U.K. regulators approve Microsoft Activision Blizzard acquisition

The United Kingdom's antitrust agency has finally given preliminary approval to Microsoft's $68.7 billion of .

The Competition and Markets Authority issued a statement today saying it has give preliminary approval. The next step is for the CMA to gather third-party feedback, after which the CMA will reach a final decision. That means the merger is all but a done deal, after a regulatory process that involved an antitrust trial in the U.S. The companies originally proposed the merger in January 2022.

In a statement, Activision said, “The CMA's preliminary approval is great news for our future with Microsoft. We're pleased the CMA has responded positively to the solutions Microsoft has proposed, and we look forward to working with Microsoft toward completing the regulatory review process.”

While other agencies around the world approved the deal, the CMA was concerned about the potential for Microsoft to dominate the cloud-gaming market. Today, the CMA said, “The sale of Activision's cloud gaming rights to Ubisoft substantially addresses previous concerns and opens the door to the deal being cleared, the CMA said today.”

Microsoft's president, Brad Smith, said in a statement, “We are encouraged by this positive development in the CMA's review process. We presented solutions that we believe fully address the CMA's remaining concerns related to cloud game streaming, and we will continue to work toward earning approval to close prior to the October 18 deadline.”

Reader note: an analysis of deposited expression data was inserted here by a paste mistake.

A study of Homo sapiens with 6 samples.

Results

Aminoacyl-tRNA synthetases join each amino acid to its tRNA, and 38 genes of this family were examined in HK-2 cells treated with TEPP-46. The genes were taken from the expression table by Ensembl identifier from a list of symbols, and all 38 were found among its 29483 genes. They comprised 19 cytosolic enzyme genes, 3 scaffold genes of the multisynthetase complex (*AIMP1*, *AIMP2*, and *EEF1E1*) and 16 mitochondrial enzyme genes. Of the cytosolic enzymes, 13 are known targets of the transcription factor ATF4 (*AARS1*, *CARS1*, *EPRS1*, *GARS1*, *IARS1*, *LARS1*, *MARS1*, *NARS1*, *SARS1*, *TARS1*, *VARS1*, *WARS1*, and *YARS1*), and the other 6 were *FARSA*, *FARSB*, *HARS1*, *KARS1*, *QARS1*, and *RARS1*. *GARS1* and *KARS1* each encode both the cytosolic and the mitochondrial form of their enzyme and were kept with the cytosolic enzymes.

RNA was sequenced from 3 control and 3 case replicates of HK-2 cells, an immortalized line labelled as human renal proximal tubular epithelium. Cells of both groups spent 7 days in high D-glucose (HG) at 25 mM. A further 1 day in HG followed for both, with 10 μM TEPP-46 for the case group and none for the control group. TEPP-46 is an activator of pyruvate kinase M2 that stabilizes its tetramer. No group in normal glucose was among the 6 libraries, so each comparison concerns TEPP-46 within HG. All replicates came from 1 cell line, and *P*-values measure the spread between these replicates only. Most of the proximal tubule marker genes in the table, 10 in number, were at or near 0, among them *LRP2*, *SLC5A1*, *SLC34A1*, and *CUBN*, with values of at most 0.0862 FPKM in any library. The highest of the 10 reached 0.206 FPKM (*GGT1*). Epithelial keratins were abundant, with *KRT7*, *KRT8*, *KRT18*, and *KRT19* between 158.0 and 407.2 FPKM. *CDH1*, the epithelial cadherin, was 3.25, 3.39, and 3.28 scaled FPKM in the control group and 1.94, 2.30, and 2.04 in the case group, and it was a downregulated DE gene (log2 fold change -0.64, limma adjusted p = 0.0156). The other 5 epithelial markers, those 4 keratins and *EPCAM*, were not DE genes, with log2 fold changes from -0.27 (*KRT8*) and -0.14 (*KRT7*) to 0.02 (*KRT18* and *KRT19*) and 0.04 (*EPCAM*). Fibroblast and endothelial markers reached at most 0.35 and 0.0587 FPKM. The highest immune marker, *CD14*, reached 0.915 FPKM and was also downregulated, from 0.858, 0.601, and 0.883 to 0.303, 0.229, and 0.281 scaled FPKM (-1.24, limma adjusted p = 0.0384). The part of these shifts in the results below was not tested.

Meanwhile, Sarah Cardell, CEO of the CMA, said in a statement, “The CMA's position has been consistent throughout – this merger could only go ahead if competition, innovation, and choice in cloud gaming was preserved. In response to our original prohibition, Microsoft has now substantially restructured the deal, taking the necessary steps to address our original concerns.”

She added, “It would have been far better, though, if Microsoft had put forward this restructure during our original investigation. This case illustrates the costs, uncertainty and delay that parties can incur if a credible and effective remedy option exists but is not put on the table at the right time.”

While the CMA has identified limited residual concerns with the new deal, the agency said Microsoft has put forward remedies which the CMA has provisionally concluded should address these issues. The CMA said it considers that the restructured deal makes important changes that substantially address the concerns it set out in relation to the original transaction earlier this year.

It also said, “In particular, the sale of Activision's cloud streaming rights to Ubisoft will prevent this important content – including games such as Call of Duty, Overwatch, and World of Warcraft – from coming under the control of Microsoft in relation to cloud gaming. The CMA originally found that Microsoft already has a strong position in cloud gaming services and could have used its control over Activision content to stifle competition and reinforce this position.”